I was in the ninth grade when Columbine happened. No longer the name of just a school, it represents the beginning of what has become the persistent violent anger taken out on the culture’s most vulnerable. Other than jail, schools are the only other place where people, based on age or life stage, are required to be. Don’t show up and face legal ramifications. And it is in this place – where futures are bright, opportunities abound, and parents’ hearts beat outside of their chest – that has become the bull’s-eye of violence.
Politicians debate and social media is polarized.
24-hour media cycles go on and on, running footage repeatedly AS IF that is helpful.
People dig down into their perspective and philosophies, choosing principles over people.
It is what it is.
Generally, politics fuel so much of my righteous anger that I find it best not to talk about it with others. However, as I approach the time when I have to send our oldest to kindergarten, it feels way more personal.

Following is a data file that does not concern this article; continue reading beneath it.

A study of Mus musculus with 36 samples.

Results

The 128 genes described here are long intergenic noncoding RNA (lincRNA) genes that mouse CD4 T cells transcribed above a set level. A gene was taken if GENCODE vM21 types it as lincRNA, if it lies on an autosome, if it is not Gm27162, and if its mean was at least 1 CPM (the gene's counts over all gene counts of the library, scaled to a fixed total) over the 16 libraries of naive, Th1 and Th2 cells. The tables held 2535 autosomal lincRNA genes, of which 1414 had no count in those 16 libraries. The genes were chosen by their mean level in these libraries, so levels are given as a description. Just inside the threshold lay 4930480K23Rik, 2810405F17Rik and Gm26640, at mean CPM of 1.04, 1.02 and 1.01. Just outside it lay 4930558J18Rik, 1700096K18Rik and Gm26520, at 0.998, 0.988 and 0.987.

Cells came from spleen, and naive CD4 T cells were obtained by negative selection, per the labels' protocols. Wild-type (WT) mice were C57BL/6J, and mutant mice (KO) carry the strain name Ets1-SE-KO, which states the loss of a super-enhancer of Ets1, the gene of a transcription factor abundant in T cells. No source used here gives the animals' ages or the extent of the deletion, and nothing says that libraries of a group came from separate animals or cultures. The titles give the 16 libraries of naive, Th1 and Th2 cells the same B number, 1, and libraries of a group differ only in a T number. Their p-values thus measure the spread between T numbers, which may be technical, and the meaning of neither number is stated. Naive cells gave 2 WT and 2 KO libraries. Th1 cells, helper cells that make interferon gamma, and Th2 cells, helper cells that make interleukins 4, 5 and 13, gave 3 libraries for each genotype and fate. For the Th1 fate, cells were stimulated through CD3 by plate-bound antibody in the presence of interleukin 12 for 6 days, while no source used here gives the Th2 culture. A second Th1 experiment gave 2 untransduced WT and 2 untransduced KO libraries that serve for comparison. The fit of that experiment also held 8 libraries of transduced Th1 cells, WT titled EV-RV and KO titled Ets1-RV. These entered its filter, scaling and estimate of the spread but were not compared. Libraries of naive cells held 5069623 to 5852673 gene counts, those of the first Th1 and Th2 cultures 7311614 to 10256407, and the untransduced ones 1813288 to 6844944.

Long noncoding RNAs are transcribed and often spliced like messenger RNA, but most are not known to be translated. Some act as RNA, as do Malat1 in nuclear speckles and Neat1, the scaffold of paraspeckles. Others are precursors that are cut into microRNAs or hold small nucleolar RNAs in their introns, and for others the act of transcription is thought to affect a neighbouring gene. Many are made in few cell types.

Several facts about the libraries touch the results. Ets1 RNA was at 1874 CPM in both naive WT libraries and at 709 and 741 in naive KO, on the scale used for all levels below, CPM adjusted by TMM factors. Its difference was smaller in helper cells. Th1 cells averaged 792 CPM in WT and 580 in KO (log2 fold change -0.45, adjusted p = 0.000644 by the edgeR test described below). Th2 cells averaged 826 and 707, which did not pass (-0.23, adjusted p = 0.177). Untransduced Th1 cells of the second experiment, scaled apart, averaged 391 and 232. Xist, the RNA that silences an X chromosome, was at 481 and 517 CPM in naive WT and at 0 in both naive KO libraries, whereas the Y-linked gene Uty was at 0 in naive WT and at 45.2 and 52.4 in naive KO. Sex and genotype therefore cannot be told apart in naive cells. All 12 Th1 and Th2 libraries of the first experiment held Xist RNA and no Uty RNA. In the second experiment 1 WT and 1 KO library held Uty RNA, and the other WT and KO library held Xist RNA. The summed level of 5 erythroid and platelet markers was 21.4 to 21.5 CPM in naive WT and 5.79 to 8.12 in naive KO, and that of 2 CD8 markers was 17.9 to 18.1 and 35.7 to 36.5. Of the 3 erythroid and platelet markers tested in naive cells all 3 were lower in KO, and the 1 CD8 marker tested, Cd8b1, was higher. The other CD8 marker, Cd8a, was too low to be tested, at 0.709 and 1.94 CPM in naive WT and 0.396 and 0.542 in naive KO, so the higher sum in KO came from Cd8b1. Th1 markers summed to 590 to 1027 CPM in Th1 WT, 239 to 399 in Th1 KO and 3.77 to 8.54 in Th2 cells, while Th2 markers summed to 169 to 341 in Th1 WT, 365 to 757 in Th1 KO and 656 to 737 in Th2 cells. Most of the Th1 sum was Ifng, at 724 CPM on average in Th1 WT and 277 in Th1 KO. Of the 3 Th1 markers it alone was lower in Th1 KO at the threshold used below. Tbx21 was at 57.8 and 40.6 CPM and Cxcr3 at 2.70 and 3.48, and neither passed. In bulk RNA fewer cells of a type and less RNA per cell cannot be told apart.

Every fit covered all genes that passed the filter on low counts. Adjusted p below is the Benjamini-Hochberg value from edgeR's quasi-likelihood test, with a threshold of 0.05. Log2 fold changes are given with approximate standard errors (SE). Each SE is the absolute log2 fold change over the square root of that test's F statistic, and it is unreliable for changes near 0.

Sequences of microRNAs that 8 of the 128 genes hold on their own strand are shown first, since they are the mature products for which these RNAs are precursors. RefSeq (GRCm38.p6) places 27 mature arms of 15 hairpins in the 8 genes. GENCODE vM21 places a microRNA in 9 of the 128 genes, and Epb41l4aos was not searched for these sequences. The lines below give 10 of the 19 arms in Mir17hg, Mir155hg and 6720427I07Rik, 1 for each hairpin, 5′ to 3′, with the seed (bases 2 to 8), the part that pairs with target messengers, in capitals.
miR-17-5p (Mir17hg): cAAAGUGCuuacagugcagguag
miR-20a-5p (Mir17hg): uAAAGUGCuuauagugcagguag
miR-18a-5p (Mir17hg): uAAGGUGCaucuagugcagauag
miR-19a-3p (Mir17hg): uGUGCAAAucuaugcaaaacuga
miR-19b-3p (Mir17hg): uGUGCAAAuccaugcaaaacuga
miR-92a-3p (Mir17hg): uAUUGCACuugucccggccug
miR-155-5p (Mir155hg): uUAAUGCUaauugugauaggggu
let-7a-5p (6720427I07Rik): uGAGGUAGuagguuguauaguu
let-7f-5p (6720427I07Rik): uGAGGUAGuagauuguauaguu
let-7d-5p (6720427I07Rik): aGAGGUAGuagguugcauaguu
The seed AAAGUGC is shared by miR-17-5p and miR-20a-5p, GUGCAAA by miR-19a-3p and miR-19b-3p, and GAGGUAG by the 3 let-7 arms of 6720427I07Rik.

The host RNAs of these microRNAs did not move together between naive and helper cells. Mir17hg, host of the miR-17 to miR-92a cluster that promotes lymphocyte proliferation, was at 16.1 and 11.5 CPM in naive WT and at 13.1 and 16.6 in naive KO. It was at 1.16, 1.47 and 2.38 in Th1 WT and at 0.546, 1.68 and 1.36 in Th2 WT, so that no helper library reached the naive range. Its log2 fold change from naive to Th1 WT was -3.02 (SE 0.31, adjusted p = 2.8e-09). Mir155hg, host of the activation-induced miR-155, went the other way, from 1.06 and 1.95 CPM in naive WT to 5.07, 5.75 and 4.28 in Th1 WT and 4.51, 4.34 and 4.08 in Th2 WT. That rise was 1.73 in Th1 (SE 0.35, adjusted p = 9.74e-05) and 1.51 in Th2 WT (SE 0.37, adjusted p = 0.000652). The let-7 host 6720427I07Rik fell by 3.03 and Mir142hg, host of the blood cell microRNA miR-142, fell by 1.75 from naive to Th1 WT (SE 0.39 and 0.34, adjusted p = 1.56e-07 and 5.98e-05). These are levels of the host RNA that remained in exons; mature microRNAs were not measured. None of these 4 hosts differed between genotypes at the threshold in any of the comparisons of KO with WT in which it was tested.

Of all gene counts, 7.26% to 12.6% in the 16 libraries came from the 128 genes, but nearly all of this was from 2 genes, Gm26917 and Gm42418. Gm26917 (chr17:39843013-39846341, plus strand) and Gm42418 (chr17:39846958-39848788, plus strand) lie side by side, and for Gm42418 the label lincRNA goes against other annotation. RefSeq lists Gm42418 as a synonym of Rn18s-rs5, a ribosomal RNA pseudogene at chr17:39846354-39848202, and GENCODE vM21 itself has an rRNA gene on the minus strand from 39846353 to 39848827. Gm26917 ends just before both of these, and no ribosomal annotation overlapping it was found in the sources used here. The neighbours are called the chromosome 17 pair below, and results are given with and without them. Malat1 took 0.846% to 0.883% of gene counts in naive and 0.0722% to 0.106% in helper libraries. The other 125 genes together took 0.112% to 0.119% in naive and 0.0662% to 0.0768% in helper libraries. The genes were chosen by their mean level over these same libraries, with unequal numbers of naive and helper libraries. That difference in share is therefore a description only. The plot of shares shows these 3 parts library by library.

How am I supposed to prepare to send him into the bull’s-eye?
How do I live with the fear that educating my child is a dangerous risk to take?
How is it that these are the questions we must ask ourselves, in a country with vast resources and relative peace?
I assume that the answer is turning away from the emotions and just telling ourselves that it won’t happen. I assume that it is, “you get used to it.”
But that makes the righteous anger grow even stronger. Is the American way to numb our feelings and cross our fingers? Is it to live in a silent, pervasive, all-consuming fear that leads only to personal and collective deterioration?
Are numb fearful people the American trademark of parents?
Is anyone in leadership aware that we are raising a whole generation of young people who are regularized within this?
Has anyone in leadership asked where a culture of fear and mistrust of the other leads us?
I will work through the fear as I come to next August. I will prepare myself and try to do what is best for our son. I will give thanks for a faith tradition whose “Do no fear” is pervasive.
And I will pray for the redemption of our national leadership that comes from going back to the kindergarten basics – how to collaborate, how to seek the perspective of others, how to clean up their messes, and how to value the common good.